We discussed how the internet as we know it today is very static. I visit 'Yahoo.com' and the experience ends as soon as I shut off my browser or go to a new URL. The emerging internet paradigm of a persistent metadata layer totally redefines the notion of a 'web site'. It turns a web site into an environment. If you can conceive that every building, every billboard, every car and every object can have their own IP address, and communicate with the internet and with each other, then you are well on your way to understanding where the web is heading. And it's not just heading there because I say it is. Check out the last couple of posts about internet maps and what Google, Yahoo and Microsoft want to do with them.

(To the data warehousing and business intelligence professionals reading this -- the metadata layer will mean exponential increases in the amounts of data that need to be cleansed, aggregated and presented to users so your jobs are safe probably.)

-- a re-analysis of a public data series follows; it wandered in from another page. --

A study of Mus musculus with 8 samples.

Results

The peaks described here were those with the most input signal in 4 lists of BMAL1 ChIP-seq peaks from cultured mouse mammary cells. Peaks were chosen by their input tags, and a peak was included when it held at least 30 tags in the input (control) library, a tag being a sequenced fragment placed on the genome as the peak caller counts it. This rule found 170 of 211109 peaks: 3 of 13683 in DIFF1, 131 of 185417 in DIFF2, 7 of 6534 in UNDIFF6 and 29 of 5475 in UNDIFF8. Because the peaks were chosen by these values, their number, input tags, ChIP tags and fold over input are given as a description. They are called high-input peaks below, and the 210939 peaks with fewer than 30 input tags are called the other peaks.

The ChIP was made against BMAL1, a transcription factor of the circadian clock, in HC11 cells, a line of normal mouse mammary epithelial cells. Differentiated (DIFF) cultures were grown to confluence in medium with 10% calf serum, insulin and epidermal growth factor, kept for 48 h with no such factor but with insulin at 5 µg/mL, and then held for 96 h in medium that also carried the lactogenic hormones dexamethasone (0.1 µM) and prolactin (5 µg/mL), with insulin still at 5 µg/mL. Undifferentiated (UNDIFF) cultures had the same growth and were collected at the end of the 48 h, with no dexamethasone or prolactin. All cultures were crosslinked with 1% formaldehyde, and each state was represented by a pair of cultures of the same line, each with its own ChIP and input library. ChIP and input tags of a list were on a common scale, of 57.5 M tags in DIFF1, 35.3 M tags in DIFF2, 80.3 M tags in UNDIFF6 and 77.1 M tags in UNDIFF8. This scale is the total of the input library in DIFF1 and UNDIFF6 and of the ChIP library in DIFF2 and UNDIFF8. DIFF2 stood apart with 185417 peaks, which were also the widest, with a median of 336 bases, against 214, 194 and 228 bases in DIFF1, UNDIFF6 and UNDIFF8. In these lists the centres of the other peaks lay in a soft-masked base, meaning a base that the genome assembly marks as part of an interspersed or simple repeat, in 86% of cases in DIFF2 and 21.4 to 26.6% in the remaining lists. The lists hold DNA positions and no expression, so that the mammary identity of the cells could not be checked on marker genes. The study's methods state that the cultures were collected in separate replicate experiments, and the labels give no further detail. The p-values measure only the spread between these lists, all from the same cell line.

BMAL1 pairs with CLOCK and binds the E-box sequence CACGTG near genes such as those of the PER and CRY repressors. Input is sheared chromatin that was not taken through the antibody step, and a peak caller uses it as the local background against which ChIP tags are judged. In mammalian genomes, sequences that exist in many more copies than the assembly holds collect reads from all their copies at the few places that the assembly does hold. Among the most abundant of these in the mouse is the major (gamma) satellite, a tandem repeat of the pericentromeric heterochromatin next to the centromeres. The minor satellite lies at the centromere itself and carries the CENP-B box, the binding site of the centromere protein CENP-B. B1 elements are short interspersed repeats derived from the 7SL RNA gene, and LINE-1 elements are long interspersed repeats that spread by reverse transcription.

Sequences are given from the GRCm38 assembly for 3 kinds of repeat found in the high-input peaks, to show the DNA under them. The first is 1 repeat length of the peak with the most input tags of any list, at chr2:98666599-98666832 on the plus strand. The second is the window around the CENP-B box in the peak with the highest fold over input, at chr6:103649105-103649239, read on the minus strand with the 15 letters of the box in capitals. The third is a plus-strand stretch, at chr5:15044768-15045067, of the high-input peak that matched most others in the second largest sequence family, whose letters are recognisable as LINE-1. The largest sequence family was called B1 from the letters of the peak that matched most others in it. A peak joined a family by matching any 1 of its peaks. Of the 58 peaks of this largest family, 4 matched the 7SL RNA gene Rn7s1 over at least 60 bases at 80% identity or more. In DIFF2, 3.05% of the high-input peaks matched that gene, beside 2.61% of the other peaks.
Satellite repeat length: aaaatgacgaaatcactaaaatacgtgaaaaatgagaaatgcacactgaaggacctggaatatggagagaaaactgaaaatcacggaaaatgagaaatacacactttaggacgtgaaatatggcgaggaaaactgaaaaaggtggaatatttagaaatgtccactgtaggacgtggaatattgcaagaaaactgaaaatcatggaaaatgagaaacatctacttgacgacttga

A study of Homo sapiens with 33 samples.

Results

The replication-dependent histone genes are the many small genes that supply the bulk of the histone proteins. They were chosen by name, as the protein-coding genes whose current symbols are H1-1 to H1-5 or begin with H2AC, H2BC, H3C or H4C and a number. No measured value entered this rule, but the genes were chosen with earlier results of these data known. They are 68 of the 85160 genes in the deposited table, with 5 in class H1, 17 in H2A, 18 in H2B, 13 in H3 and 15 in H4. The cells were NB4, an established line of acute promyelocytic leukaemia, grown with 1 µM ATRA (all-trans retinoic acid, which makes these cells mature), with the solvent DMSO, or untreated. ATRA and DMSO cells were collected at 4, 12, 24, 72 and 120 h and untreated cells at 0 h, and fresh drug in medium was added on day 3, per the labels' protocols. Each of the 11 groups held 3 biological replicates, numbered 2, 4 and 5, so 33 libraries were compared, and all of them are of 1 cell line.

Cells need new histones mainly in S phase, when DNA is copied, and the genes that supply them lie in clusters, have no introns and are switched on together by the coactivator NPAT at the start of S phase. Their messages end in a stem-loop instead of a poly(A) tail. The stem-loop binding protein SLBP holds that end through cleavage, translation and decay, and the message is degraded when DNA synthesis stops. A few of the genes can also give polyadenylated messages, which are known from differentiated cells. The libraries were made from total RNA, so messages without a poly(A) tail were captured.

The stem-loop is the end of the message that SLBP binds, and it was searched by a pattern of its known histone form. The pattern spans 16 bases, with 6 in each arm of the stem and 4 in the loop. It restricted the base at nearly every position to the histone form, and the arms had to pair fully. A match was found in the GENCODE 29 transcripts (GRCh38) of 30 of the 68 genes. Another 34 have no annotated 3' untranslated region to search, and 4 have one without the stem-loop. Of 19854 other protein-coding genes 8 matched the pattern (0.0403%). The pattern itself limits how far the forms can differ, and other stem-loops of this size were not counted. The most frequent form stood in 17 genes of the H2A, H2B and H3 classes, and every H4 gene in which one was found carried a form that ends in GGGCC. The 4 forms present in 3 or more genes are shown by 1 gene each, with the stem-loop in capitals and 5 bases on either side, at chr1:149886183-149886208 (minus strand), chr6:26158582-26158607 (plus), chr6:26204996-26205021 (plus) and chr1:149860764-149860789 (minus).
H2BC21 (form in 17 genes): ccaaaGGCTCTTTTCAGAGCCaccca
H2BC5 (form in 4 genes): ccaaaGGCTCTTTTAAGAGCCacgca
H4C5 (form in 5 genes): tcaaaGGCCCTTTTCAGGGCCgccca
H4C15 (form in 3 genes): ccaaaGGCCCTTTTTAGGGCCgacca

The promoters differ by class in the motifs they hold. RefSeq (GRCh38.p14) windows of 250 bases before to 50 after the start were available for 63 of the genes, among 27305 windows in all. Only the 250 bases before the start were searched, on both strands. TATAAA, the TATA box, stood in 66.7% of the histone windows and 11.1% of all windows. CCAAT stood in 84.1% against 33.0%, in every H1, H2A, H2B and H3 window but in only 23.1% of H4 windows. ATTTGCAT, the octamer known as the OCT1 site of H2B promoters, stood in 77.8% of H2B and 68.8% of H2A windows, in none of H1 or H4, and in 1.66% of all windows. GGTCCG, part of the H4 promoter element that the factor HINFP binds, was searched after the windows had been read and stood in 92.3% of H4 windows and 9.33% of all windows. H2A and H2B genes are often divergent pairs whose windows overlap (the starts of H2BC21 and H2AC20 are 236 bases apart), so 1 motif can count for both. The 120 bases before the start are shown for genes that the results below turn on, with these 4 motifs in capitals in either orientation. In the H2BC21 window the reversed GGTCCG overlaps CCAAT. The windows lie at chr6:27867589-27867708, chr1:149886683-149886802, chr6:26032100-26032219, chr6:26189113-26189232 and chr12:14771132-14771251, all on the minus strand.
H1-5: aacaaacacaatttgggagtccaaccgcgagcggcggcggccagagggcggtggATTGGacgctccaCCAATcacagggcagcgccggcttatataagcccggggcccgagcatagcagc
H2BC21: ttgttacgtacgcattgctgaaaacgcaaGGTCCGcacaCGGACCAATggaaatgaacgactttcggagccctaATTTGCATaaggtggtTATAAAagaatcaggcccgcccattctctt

Given that the transformation of the internet into a metadata layer of software and services might take a little while, what are some immediate opportunities made possible by a heads up display?

Some interesting answers to this one. For airline pilots, a head up display could tell you if you've pressed 'the right button or the wrong button.' For scientists, the display could provide information about what's visible in a microscope. For people working on circuit boards, the display could tell you about defects that are invisible to the eye.

The place to look for good ideas about where the internet is headed and what kinds of changes to make to devices like Nomad in order to start to scale up towards significant revenues are places like Carnegie Mellon or other leading universities where students have been connected to the web all their lives and are bristling with ideas about what's next, what's next. These kids are bored with the limitations of the internet as we know it, and certainly with 2" LCD panels.

These are the people who want to make science futurism into the present day reality and usher in the paradigm shifts towards persistent geospatial computing.

To MVIS, let's be like Google and just hire some insanely smart people and then turn them loose to figure out what to do with the platform.